By Tom Flanigan


Tallahassee, FL – There's a new angle to the debate over Florida's pensions for public employees. The house and senate have been working on their own reform plans and now, as Tom Flanigan reports, Governor Rick Scott has weighed in with a reform plan of his own.

For weeks, the Florida Legislature has been wrestling with the issue how to move hundreds of thousands of Florida's public employees into paying for part of their own retirement funds. Florida is the only state which still has a pension program into which participants pay nothing. The Florida House and Florida Senate each have bills that would require participants to contribute something, but would otherwise keep the pension system pretty much intact. Now Governor Scott is backing a third plan his plan.

"The right thing to do is to do exactly what the private sector has done; you move new employees into a defined contribution plan because then you know exactly what your costs are."

Instead of the current pension plan, which the state pays for in its entirety, Scott says what he envisions retirement plans in which all participants would have a solid stake.

"You know, my proposal, which I believe in, is that it should be a flat rate of five percent."

The governor is not alone in supporting that arrangement. Tuesday morning, he stood with a coalition of supporters that calls itself "Floridians for Sustainable Pensions". It consists of mostly pro-business groups like Florida TaxWatch, Associated Industries of Florida, the Florida Chamber of Commerce, National Federation for Independent Business, FreedomWorks Florida, Americans for Tax Reform and Americans for Prosperity. Also the James Madison Institute headed by Dr. Robert McClure.

"It's time for the public sector to do what most of the private sector has already done; replace taxpayer-guaranteed pension perks with 401K style retirement savings plans that they own, they can take with them when they leave and they can control."

State of Florida workers aren't the only public sector employees on the state retirement system rolls. There are somewhere around one-hundred-eighty thousand county and city employees in Florida who are on the pension plan. Dr. David Matkin, lead researcher for the LeRoy Collins Institute at Florida State University, says cities and counties have to spend more than the state on a relative basis to fund their employees' pensions.

"In the Fiscal Year 2009, cities were contributing five-point-six percent on average of their total governmental costs toward pension contributions and counties five-percent. And that's a 33-percent increase for cities and a 42-percent increase for counties from 2003 to 2009."

But the single largest employee group in the Florida Retirement System is the state's public school teachers and other school district workers. There are nearly three-hundred-nineteen thousand of them on the state pension plan now. Florida Education Association Spokesman Mark Pudlow says, Florida's Retirement System, now funded at more than eighty percent of obligations, is among the nation's healthiest. In addition, its annual rate of return is more than seven-percent again, among the country's best. He wonders why the need to change something that seems to be working so well.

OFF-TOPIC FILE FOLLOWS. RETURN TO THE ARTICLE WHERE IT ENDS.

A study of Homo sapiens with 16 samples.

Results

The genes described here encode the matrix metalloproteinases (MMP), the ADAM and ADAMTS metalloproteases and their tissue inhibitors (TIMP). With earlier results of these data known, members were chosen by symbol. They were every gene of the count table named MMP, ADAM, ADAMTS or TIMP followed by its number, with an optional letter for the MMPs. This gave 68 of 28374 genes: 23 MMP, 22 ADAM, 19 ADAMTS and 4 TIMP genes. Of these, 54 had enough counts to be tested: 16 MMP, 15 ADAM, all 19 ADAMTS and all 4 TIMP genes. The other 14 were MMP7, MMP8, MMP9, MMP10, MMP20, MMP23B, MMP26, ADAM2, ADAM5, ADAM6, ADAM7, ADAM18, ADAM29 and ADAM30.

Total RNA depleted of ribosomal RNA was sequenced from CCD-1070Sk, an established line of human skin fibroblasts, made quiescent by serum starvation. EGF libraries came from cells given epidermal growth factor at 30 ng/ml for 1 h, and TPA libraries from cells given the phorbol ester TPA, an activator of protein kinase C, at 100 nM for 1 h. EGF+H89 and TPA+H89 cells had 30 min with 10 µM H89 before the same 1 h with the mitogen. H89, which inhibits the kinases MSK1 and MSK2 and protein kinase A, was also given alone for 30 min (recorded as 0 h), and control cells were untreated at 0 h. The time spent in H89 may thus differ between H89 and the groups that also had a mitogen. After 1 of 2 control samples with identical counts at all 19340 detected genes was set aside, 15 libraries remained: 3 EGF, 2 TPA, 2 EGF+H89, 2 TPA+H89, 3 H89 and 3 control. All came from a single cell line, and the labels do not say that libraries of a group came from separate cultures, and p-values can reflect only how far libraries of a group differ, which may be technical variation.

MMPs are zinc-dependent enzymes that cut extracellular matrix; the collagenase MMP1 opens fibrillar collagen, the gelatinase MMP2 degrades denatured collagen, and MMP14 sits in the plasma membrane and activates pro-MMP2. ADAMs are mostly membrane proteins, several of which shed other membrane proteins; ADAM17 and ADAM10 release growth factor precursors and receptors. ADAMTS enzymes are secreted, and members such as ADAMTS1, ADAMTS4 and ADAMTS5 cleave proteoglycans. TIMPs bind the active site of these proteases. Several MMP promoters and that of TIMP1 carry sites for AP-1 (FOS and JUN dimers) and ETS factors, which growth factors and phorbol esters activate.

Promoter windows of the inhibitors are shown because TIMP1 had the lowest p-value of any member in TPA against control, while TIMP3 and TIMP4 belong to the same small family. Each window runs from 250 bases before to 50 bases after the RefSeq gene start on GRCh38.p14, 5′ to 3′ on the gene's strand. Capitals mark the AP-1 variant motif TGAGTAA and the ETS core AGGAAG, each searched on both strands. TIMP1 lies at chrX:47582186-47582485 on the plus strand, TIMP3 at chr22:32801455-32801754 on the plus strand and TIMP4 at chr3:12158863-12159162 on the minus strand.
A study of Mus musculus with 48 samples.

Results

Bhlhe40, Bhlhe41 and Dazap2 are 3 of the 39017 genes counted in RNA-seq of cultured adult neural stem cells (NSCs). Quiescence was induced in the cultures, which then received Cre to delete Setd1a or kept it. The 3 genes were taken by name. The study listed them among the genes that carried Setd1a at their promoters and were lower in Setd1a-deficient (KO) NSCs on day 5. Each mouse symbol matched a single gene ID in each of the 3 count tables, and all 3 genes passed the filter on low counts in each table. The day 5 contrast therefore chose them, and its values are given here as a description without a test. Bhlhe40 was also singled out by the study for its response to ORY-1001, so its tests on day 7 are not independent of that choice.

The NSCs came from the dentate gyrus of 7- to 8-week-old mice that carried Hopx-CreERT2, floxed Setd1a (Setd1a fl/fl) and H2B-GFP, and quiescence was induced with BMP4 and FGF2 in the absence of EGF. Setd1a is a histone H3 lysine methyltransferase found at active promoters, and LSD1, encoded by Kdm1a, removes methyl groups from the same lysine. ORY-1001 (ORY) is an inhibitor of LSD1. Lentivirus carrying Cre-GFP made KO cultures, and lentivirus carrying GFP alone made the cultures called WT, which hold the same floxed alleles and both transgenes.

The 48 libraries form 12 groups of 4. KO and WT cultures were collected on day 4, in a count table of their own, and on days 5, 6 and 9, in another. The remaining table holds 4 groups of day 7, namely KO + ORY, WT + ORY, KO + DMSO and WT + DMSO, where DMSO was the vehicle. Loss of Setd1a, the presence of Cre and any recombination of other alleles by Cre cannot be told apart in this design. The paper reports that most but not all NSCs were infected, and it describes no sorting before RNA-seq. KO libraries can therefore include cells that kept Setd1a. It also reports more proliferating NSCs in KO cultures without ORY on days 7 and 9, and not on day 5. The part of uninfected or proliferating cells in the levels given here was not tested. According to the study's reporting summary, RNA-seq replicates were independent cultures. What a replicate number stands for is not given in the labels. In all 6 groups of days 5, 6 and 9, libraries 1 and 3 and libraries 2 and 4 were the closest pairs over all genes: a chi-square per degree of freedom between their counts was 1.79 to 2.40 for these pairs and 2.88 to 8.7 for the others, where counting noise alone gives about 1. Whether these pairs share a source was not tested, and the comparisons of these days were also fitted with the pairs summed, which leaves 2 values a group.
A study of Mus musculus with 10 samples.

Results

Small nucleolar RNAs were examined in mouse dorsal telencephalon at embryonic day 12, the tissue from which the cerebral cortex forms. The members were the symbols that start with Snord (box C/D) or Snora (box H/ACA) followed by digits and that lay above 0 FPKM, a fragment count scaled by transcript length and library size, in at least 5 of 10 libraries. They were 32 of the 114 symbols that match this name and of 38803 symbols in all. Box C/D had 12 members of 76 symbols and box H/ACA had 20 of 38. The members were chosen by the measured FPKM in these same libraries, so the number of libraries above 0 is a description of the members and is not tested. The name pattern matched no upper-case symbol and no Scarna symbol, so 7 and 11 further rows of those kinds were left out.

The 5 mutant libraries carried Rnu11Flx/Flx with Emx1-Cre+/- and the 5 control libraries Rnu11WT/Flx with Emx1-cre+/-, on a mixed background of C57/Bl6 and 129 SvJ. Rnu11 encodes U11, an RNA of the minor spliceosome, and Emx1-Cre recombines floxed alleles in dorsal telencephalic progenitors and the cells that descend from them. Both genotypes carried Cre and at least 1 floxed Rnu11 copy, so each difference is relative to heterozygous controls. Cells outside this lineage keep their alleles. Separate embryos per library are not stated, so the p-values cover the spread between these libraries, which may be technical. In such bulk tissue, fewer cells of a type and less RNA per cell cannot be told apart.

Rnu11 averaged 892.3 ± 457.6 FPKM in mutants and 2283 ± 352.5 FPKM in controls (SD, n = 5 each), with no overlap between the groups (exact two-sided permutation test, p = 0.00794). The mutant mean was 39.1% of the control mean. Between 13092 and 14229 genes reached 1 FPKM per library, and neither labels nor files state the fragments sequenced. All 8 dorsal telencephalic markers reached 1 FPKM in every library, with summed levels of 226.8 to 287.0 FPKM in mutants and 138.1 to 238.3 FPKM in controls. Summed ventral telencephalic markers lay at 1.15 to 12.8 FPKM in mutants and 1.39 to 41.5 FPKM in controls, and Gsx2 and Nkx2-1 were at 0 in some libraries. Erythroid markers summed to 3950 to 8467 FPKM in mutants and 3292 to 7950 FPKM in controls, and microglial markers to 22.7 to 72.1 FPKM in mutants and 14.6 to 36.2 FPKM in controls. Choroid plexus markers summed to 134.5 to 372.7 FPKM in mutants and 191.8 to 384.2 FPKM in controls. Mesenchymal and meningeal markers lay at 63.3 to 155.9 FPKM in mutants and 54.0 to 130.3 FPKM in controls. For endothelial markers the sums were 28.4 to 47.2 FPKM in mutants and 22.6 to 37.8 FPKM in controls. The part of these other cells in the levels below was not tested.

"State workers are being asked to take a pay cut. You know, sort of like being imposed an income tax if you will, and that money's going straight into the general revenue fund. This looks like another attempt to try to raise money based on something that's already been promised to people, something that state workers have already earned."

There could be another problem for the governor's pension plan. He's pushing it relatively late in the session when both the house and senate plans are headed to a reconciliation in upcoming conference committee meetings. Florida House Minority Leader, Democrat Ron Saunders, doesn't give Governor Scott's proposal much chance of making a significant impact at this point.

"The pension issue is a very important issue and I think deserves a lot of input from the people affected. You know, coming up with new ideas halfway through the session is a bad way to go. So I don't even support what we've already done and I think it's gone too far. For the governor to suggest it doesn't go far enough I think does not take into consideration what's in the best interests, not just of employees but for the state of Florida."

Saunders sees it as part of a national effort against public employees in the name of creating more private sector jobs.

"I think it's more that they just don't like public employees and once they quit or get fired, they'll go out and get other jobs that helps the governor meet his 700,000 goal, even though they may be minimum wage jobs and so I just think it's just more anti-public employee more than trying to help anything else."

Another bill impacting state workers cleared the Florida House back on Friday and is moving ahead in the senate. It would stop the deduction of union dues from public employee paychecks and require workers to give their unions written permission to use their dues payments for political purposes.